International Renaissance foundation on amendments to Anti-Corruption legislation of Ukraine
On March 22, 2017, the Parliament of Ukraine approved the bill “On Making Amendments to Article 3 of the Law of Ukraine “On Prevention of Corruption”. The President signed the bill (#6172) into law on March 26. The finalized version of the law contains a number of amendments introduced in defiance of the core committee’s decision and significantly altering the initial purpose of the bill that had been designed to simplify the e-declaration procedures for the military.
The amendments that relate to rights and duties of a group of active citizens were made behind the scenes, in haste, without public discussion, without any attempt to public consultations with those whose rights and interests are directly affected by those amendments. This is in grave contradiction with the democratic culture of decision making.
The most challenging provisions of the law are as follows:
Individuals who are in no way involved in the direct implementation of the government functions and, in absolute majority, do not receive funds from the public budget, are now obliged to file e-declarations of assets to the "Unified State Register of Declarations of Persons Authorized to Perform State or Local Self-government Functions", which was designed for e-declaration by public officials. Hence, the contradiction arises from the very title and purpose of the Register.
The law extends the declaration filing requirement on individuals and representatives of “anti-corruption” organizations who “participate, are engaged in events related to the prevention, countering corruption". Because there are no clear legal criteria for identifying such events, organizations and the “anti-corruption activity” itself, this leaves a possibility of discretionary interpretation of the list of persons to whom this law applies. This ambiguity creates a risk of selective criminal prosecution in case of failure to file an e-declaration or failure to meet the filing deadline. Similarly, there is no specific list of international technical assistance projects and advisory bodies (public councils, commissions and alike) to which the law applies.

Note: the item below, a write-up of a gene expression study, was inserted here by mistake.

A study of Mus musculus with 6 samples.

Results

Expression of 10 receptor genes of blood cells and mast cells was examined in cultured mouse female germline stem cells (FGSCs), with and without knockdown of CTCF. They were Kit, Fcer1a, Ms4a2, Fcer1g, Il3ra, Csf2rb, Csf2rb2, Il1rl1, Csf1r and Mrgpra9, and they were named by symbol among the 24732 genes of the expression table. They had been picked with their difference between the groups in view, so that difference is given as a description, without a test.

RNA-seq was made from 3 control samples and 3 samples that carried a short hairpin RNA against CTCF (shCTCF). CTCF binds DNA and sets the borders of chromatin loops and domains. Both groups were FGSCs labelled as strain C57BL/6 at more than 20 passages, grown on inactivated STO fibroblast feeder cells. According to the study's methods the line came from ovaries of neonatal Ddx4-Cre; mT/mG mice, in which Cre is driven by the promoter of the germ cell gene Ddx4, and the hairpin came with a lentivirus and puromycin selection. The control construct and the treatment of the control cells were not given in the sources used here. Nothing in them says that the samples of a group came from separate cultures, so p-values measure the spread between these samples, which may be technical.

The requirement to file e-declaration of assets applies to contractors, service providers who work with the civil society entities engaged in anti-corruption events or international technical assistance projects. Obviously, this will cause dramatic complications of cooperation conditions and the businesses’ mass refusals to work with NGOs and, therefore, paralyze the NGOs statutory activities.
The government claims that the law applies to officials of anti-corruption civic entities only. However, the law extends the e-declaration requirements to NGOs’ “members of supreme governance bodies”, while in most cases the supreme governance body is the organization’s general meeting, a congress or a general conference, in which all members participate. Hence, the law may affect all members, not just the organization’s leaders.
The public reaction to the law indicates that within its initial days it caused, quite predictably, further erosion of the atmosphere of cooperation between the authorities and the civil society, and strengthened the breakup lines within the political class and the society.
Yet, we are prepared to respond to the willingness to cooperate, expressed by the President of Ukraine during the meeting with civil society representatives before signing the law on March 26. The President acknowledged that some provisions of the newly adopted law were deficient and required changes, and proposed joining efforts to shaping - in a transparent manner - a quality bill that would be supported by the President and the Parliament.
We are ready to participate in working group proposed by the President, and we will monitor closely any further movements on the draft bill to be designed to remove the drawbacks of the approved law, primarily those listed above.